On April 27, 2004, at 0300 central daylight time, a Cessna 208B, N738FX, registered to and operated by Federal Express Corporation, made an emergency landing on a road during a training flight near Tunica, Mississippi. The non-scheduled flight was operated under the provisions of Title 14 CFR Part 135 with an instrument flight plan filed. Visual meteorological conditions prevailed at the time of the incident. The airline transport rated check airman, and airline transport rated pilot were uninjured, and the airplane was not damaged. The flight departed Memphis International Airport, Memphis, Tennessee, on April 27, 2004 at 0238. Use your browsers 'back' function to return to synopsisReturn to Query Page
According to the check airman, during a demonstration procedure for loss of engine power, the check airman reduced the power lever to idle, turned on the ignition, and un-stowed and advanced the emergency power lever (EPL). The check airman felt a vibration and then heard a noise. He re-stowed the EPL and advanced the engine power lever. Flames exited the exhaust and the check airman shut down the engine, and made an emergency landing on a nearby road. After landing the airplane the two pilots attempted to remove the airplane from the roadway, and a passing truck struck the left wing of the airplane.
Examination of the fuel flow control unit revealed that the EPL lever dead band was 7 degrees below the minimum requirement of 25 to 35 degrees. The fuel flow control unit began fuel flow at 18 degrees of lever travel. The manual override was dissembled and it was found that the plunger, which compresses the bellows, was allowed to contact the bellows prior to the required degrees of travel.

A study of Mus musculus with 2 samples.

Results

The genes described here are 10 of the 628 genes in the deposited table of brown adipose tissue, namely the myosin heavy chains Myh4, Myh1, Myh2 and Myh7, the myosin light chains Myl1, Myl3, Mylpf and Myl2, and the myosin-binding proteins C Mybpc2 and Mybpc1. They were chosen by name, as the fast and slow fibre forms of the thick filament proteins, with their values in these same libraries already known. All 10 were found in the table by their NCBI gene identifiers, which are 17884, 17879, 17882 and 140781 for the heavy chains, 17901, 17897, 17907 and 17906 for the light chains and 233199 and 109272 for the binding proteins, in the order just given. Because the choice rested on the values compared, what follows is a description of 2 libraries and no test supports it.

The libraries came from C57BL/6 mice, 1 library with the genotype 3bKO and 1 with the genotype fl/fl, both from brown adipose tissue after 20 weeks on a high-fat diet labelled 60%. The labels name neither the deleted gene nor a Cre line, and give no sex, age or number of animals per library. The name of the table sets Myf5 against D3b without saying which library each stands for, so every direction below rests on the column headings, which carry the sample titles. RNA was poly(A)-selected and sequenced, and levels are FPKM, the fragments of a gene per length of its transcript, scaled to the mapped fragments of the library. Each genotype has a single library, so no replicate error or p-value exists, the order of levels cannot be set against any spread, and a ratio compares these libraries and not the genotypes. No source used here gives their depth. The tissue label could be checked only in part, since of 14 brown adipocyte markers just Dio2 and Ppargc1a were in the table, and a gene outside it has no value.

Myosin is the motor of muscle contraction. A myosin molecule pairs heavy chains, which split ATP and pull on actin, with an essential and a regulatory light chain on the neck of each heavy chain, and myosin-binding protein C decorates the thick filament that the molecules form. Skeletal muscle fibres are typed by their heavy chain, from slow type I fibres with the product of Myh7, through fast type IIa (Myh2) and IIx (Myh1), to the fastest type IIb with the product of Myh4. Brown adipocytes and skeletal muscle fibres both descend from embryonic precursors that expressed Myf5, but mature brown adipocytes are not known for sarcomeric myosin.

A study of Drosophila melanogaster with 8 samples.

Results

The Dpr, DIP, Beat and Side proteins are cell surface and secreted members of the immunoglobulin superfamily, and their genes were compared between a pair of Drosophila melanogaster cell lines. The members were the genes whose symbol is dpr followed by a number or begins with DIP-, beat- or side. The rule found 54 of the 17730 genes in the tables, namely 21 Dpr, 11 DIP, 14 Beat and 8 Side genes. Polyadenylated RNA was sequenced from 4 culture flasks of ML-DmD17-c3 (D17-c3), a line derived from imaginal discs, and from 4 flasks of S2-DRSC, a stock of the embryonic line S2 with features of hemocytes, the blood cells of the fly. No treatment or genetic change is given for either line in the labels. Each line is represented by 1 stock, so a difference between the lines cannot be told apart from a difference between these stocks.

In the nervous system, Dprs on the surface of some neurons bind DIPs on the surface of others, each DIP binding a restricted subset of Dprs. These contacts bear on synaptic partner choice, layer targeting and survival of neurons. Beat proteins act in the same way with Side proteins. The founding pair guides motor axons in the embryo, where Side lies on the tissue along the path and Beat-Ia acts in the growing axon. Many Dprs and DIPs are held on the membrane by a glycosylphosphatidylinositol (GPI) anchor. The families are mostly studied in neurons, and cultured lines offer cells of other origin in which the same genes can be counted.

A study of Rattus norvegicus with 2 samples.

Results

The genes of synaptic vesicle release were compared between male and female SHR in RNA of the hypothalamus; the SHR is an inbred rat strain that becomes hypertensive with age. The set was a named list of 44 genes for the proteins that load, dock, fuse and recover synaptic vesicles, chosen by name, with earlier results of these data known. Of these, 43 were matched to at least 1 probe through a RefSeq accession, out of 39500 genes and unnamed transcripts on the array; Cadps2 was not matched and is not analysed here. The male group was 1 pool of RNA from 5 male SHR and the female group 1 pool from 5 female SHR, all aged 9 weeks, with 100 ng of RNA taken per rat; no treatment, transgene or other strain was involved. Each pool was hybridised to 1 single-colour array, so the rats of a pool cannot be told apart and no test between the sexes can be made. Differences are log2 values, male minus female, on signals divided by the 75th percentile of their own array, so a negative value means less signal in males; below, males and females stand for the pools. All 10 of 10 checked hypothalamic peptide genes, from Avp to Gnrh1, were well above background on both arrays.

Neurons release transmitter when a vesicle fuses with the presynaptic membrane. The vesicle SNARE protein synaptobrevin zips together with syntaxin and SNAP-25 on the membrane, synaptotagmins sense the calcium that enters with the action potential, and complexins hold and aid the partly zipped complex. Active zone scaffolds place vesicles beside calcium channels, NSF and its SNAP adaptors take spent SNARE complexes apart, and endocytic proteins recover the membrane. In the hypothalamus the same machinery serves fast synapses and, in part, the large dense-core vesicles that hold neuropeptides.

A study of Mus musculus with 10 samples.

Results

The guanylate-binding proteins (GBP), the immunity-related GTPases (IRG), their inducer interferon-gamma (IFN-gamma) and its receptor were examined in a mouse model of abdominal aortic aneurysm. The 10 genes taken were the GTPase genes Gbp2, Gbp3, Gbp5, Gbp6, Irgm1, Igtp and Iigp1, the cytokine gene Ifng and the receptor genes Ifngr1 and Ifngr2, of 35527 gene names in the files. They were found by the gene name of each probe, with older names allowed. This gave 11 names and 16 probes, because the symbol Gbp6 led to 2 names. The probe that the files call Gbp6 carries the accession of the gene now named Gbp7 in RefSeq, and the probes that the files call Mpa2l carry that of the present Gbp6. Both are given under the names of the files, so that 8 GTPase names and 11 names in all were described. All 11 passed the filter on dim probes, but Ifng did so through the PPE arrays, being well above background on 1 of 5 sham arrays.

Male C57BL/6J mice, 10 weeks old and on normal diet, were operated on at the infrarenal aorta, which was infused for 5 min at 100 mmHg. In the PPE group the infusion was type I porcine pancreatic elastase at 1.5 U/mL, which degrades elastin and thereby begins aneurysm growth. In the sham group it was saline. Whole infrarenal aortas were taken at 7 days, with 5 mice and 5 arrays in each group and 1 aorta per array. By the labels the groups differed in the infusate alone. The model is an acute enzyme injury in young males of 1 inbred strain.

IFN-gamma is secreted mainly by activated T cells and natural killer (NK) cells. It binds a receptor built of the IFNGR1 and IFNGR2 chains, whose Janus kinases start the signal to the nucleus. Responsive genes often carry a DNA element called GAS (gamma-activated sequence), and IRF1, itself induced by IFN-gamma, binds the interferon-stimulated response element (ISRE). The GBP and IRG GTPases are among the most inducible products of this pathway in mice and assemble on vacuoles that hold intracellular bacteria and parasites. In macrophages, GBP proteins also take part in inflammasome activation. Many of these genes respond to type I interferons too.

In review of the Pratt & Whitney Canada service information letter it states: The Cessna Caravan 208/208B aircraft is equipped with a fuel control incorporating an emergency manual override system which is intended to be used in the event of a loss of Power Lever control due to loss of air pressure to the Fuel Control Unit during flight. The Emergency Power Lever does not duplicate the function of the Power Lever Assembly and should not be used as an optional means of controlling the engine. It must be left in the "Normal" position during all normal engine operation.
Review of the pilot's operating handbook emergency procedures states: When using the emergency power lever, monitor gas generator RPM when reducing power near idle, to keep it from decreasing below 65% in flight. The emergency power lever may have a dead band, such that no engine response is observed during the initial forward travel from idle position.